The Cured


★★★★

Directed by David Freyne

Starring Ellen Page, Sam Keeley, Tom Vaughan-Lawlor, Stuart Graham

BFI London Film Festival Review by Chris Olson


Exploring monstrous reactions to monstrous behaviour, David Freyne's dystopian thriller The Cured is an offshoot of the zombie genre that introduces a new element into the fray - people who were infected but have been cured of a zombie disease but are still ostracised by society. Sam Keeley plays one such Cured man called Senan, who is haunted by the nightmares of his actions whilst infected, and attempts to find redemption in a community that is overtly and violently against him.

Ellen Page plays the wife of someone who was killed during the outbreak which ravaged Ireland. Alone looking after her son, she volunteers to take in one of the Cured, Senan, during his rehabilitation. Another member of The Cured being rehabilitated is Connor (Tom Vaughan-Lawlor), a seemingly less repetant victim than Senan, his transition is tumultuous - being rejected by his father and regularly antagonised by his military overseer (Stuart Graham). Whilt Senan and Connor are members of the 75% of Cured, there still remains a large amount of people immune to the cure who present a huge peril to the population. Tensions rise as the government make plans to deal with the remaining menace alongside the growing disparity between norms and The Cured.

Visceral, gripping, and markedly intelligent, Freyne manages to offer up something original in this, let's face it, overpopulated genre. The Cured, serving up an array of horror conventions with remorseless glee (the sound design will give audiences heart palpitations for a week), also bites down hard on the social allegory side of things which is common for zombie movies. One of these themes is the idea of fighting fire with fire and the disastrous results which almost always ensue. Chaos and aggression seem to reign in this apocalyptic version of Ireland, with humanity left swirling into the drain as people on all sides react in increasingly volatile ways. What's great about Freyne's story is that no one is painted in a particularly good light, with norms going out of their way to make the lives of infected/cured a living nightmare, whilst the cured prepare to take up arms in order to reestablish themselves after so much indignity. Audiences will be hard stretched to miss the political overtones, but they are smartly delivered nonetheless.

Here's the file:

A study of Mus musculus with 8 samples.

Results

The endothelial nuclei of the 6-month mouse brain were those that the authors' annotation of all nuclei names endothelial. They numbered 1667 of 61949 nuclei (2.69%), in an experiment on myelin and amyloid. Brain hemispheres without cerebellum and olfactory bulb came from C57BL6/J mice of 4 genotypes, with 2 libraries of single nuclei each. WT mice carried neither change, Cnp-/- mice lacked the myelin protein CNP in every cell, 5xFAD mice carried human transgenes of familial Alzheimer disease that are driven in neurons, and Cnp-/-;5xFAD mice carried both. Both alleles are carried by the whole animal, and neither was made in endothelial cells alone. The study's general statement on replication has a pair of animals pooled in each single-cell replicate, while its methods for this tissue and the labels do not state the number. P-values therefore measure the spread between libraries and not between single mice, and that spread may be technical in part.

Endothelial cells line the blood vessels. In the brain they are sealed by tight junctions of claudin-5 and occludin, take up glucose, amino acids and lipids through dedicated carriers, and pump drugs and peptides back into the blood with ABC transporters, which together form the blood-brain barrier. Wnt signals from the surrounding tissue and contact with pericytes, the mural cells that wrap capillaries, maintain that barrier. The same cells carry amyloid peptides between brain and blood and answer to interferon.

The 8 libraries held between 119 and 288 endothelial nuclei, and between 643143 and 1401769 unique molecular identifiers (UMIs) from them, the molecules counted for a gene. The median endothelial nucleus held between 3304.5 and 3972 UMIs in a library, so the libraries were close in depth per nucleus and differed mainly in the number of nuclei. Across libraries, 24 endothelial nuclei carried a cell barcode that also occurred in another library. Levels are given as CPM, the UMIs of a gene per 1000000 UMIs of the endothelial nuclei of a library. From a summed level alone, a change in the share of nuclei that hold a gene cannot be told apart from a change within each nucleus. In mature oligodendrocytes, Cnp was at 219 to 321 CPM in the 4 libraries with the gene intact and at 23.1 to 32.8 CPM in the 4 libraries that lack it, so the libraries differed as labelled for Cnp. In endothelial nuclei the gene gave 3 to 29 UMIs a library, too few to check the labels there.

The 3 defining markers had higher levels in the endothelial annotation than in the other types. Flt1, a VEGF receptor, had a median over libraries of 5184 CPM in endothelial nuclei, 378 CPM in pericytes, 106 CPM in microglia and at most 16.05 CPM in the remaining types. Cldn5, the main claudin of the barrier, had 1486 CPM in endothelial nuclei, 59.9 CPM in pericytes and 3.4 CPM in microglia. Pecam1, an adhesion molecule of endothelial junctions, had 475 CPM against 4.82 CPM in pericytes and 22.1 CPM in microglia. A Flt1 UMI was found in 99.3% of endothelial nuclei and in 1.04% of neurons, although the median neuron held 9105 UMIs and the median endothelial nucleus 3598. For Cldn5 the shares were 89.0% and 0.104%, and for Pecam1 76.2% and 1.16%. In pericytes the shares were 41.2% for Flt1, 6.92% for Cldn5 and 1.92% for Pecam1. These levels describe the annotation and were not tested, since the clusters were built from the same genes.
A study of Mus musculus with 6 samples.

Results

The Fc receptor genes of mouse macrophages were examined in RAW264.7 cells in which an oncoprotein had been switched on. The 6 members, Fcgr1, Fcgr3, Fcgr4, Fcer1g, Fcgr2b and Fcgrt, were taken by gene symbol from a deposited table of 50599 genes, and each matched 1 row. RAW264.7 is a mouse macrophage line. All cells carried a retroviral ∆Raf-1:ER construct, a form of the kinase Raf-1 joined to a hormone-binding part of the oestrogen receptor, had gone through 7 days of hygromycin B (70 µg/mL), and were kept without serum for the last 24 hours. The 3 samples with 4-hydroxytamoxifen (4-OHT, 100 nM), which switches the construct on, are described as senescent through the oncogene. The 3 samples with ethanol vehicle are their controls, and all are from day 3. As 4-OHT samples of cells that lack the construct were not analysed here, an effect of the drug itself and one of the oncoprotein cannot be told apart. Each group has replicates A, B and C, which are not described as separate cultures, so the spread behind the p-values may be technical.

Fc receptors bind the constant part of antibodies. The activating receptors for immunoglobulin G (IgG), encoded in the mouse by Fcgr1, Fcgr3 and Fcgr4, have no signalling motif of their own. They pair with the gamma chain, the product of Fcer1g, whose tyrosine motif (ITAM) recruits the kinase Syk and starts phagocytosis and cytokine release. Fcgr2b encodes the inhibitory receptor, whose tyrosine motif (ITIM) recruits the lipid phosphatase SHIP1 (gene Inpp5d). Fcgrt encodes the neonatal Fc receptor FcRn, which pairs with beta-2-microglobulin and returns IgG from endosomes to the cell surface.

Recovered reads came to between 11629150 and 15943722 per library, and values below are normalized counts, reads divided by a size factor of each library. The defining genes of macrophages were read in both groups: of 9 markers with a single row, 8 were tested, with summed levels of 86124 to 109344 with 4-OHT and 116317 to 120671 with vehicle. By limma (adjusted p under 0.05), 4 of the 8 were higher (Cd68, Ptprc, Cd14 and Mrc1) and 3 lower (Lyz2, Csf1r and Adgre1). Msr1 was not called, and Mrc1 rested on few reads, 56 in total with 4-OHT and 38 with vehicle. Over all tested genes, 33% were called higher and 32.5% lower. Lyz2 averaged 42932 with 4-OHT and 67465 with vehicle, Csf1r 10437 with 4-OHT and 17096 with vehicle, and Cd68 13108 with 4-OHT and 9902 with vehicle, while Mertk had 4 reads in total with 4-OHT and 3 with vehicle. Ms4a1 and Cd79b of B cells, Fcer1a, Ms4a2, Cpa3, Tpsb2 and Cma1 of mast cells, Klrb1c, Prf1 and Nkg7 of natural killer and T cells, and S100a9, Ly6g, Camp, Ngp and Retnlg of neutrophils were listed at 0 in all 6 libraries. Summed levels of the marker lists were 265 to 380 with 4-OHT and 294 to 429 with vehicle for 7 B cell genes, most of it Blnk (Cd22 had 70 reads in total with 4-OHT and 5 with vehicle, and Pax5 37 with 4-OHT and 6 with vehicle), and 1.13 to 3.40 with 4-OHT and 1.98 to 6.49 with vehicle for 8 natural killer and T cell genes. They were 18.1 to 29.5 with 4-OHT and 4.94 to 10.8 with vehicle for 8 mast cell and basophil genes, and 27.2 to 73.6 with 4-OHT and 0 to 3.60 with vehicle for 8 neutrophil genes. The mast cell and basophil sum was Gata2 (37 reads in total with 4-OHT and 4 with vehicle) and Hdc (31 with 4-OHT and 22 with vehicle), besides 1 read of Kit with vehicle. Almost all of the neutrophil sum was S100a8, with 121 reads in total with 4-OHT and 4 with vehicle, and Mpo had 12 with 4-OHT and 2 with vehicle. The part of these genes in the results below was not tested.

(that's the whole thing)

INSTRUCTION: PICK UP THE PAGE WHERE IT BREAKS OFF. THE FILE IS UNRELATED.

The performances are excellent, especially Keeley as a determined lead. His convincing remorse at his behaviour whilst infected is well done, and Vaughan-Lawlor is a compelling antagonist. It is someone else, however, who utterly steals the show. Ellen Page is absolutely immense, turning in a phenomanally layered portrayal. Her inner struggle to cope with such a broken society and find forgiveness for the people who killed the father of their child is savagely emotional, left to unfold slowly for the audience with relish.

Not without its faults and low-budget issues, there is no reason why The Cured cannot stand toe-to-diseased-toe with the best of zombie flicks. It has a fierceness to the filmmaking that is what's needed, a rich and diverse tone to the story, and brilliant central performances which suck the viewer in.